Author Steve Alten’s thrilling saga of ancient underwater beasts that began almost twenty years ago with MEG: A Novel of Deep Terror continues with this equally exciting fifth installment into the series. Released on June 14 from Tor Books, MEG: Nightstalkers picks up the story where the previous book, MEG: Hell’s Aquarium, left off, and offers readers another astounding adventure that makes for perfect summer reading. However, you’ll probably want to stick to pools instead of the ocean after reading this book!
In a tale that spans practically the entire globe, Nightstalkers follows the members of the Taylor clan as they each hunt for different monsters that have escaped into the oceans. Jonas Taylor and his friend Mac are after the two ferocious Megalodon sisters, Bela and Lizzy, who are no longer captive inside the Tanaka Institute and have headed north to the waters of British Columbia. At the same time, Jonas’s son David is out for revenge against the 122-foot crocodilian creature, Liopleurodon, that emerged from the Panthalassa Sea and killed his girlfriend. The two storylines eventually converge to bring about one of the most amazing conclusions to a MEG book yet.
It has been wonderful to witness just how much the world of MEG has grown with each new entry. Steve Alten knows how to continually raise the stakes for our favorite characters by putting them in these unbelievably terrifying situations, so much so that I was always afraid that one of them might not make it out alive this time. Jonas, David, Mac, and Terry are all back in Nightstalkers and are still the same characters that fans have come to know and love. But they also all have their own personal issues to deal with in addition to the responsibility they feel to protect the ocean from these monsters. Jonas and Terry’s marriage is on the rocks because of the stress of Terry’s illness and the way that Jonas keeps putting himself in dangerous situations. Mac is torn between his loyalty to Jonas and his new role as a father. David is suicidal and suffering horrible nightmares after his encounters with the Liopleurodon. All of this gives the story an extra layer of tension because of the decisions and choices that the characters are faced with.
Of course, there are plenty of scenes of shark and Liopleurodon attacks to keep the horror lovers happy and hungry for more. I loved the little side stories involving those unfortunate victims who were in the wrong place at the wrong time and happened upon one of the monsters. The deaths are visceral, just like you’d expect from one of Alten’s novels. Another element that adds to the excitement is the introduction of a new monster to the MEG canon, the Livyatan melvellei, an ancestor of the sperm whale. This comes about by way of a crossover appearance by a character from another Alten book–Zachary Wallace from The Loch. What makes Nightstalkers such a joy to read is that sense of awe every time one of the three beasts makes an appearance. It was hard enough to comprehend the existence of a seventy-foot shark, but now there are these other creatures that are more than double that size and even more ferocious. By bringing these creatures to modern day, Alten captures the imagination of any reader at any age, and reminds them that the oceans are still the most dangerous, and the most fascinating, place on the planet.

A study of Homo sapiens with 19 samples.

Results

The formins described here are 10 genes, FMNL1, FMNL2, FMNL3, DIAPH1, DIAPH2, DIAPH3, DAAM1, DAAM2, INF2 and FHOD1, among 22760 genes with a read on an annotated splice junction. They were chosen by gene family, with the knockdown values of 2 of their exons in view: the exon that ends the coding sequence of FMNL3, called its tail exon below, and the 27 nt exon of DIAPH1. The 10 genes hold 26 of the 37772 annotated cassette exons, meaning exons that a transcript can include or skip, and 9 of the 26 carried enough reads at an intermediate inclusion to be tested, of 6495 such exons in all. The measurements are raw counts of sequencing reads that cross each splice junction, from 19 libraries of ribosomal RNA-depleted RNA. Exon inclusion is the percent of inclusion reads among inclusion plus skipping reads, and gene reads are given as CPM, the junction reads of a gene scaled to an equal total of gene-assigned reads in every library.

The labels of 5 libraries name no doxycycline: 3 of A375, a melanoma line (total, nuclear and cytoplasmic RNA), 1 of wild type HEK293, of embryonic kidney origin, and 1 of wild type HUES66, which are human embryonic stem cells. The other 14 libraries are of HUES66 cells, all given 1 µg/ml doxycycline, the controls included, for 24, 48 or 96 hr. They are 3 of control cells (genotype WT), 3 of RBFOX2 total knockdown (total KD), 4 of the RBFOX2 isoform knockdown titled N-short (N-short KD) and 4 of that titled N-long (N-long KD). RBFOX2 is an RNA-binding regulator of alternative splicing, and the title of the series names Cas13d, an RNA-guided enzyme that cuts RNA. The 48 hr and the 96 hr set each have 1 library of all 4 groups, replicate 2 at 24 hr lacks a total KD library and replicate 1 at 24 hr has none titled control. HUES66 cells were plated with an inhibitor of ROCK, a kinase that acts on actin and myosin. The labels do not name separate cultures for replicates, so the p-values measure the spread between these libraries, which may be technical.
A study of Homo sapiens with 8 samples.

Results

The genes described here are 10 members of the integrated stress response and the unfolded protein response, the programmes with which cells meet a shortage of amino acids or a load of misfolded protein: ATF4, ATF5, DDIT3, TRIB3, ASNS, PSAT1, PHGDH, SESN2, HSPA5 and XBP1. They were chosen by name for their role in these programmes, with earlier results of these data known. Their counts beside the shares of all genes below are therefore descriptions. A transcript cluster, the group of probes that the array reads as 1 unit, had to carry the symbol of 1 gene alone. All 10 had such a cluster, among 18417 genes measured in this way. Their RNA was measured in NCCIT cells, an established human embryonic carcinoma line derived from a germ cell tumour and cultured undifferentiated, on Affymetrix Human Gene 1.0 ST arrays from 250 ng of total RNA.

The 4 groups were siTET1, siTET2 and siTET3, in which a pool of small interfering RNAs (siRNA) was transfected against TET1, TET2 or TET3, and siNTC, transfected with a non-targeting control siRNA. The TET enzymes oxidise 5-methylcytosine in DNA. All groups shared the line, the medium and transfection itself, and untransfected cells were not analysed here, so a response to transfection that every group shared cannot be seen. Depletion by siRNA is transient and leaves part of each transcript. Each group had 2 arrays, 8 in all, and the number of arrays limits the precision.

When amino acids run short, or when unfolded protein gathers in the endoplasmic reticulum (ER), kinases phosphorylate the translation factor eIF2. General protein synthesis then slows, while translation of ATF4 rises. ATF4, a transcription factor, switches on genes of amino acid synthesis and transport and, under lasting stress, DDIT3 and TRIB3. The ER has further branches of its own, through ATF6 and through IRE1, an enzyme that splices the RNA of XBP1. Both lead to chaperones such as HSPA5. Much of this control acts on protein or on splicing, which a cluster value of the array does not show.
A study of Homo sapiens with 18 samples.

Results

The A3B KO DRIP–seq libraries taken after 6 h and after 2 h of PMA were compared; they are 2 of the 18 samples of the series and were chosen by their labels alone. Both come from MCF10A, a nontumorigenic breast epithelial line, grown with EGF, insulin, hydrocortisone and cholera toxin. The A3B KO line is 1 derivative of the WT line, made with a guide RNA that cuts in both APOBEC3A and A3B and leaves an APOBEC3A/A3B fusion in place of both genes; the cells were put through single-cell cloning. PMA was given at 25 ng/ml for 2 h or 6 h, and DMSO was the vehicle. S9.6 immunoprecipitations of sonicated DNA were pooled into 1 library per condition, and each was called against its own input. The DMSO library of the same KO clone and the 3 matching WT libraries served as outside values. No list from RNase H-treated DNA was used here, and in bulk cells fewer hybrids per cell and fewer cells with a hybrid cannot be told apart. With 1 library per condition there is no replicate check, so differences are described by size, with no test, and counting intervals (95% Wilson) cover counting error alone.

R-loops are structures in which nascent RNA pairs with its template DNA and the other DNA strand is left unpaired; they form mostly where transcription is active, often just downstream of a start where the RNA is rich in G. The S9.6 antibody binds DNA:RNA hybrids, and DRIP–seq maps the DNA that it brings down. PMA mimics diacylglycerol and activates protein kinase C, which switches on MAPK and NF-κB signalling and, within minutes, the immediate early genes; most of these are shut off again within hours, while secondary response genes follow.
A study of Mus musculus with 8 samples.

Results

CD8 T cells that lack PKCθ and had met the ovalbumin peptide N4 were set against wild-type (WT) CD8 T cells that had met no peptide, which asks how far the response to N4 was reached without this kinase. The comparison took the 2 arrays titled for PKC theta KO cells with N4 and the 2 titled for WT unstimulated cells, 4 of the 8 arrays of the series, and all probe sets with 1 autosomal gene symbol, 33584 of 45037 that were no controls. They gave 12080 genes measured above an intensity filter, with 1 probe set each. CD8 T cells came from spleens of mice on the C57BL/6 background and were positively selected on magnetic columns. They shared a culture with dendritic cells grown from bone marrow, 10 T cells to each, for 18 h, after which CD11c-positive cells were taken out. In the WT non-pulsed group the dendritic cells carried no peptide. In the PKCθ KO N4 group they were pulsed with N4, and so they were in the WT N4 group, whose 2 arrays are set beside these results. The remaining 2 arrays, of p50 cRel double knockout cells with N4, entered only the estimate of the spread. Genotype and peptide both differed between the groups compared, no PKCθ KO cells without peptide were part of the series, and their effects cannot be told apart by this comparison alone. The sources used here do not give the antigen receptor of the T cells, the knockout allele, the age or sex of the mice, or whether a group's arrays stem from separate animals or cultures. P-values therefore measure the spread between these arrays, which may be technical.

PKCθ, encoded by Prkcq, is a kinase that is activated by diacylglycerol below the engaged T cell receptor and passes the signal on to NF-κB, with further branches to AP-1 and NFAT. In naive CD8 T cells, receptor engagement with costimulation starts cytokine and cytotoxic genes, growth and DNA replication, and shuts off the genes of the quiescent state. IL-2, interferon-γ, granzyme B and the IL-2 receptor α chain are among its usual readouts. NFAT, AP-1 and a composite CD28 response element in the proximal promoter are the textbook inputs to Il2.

What I really love about Alten’s writing style is that it is both informative and accessible. Whenever he takes readers to a new location or environment, or brings a new creature into the mix, the descriptions are always incredibly detailed. There are even maps and diagrams included with the descriptions so that the reader can get a picture of this locale in his or her head without feeling overwhelmed. Alten’s books are all extensively researched, but never feel bogged down by the science, though you will learn something new on practically every page. This world is the writer’s passion, and you can feel it in the way the book is structured and the way he writes about his characters. He really achieved an amazing scope in Nightstalkers with all the different places that the story goes–from a small cluster of islands in British Columbia, to the waters around Australia and New Zealand, to a subglacial lake in Antarctica. The threads of each of these stories are expertly spun together as the book nears its conclusion, until we finally end up in familiar territory where all hell breaks loose.
Alten proves, yet again with Nightstalkers, that he is one of the best and knows how to take readers on a thrilling adventure ride to places they never thought were possible. As a MEGhead myself for almost twenty years now, I would say that this is definitely an exciting time to be a MEG fan. The film adaptation that we have all been waiting for is in production and will be brought to the big screen in 2018. Nightstalkers is one of the best entries in the book series yet, but Alten still isn’t done exploring this world he has created. As the last page in the novel promises, the saga will continue with another book, MEG: Generations. Stay tuned for our review of that closer to the tome’s release! In the meantime, you can visit Alten’s website for more information.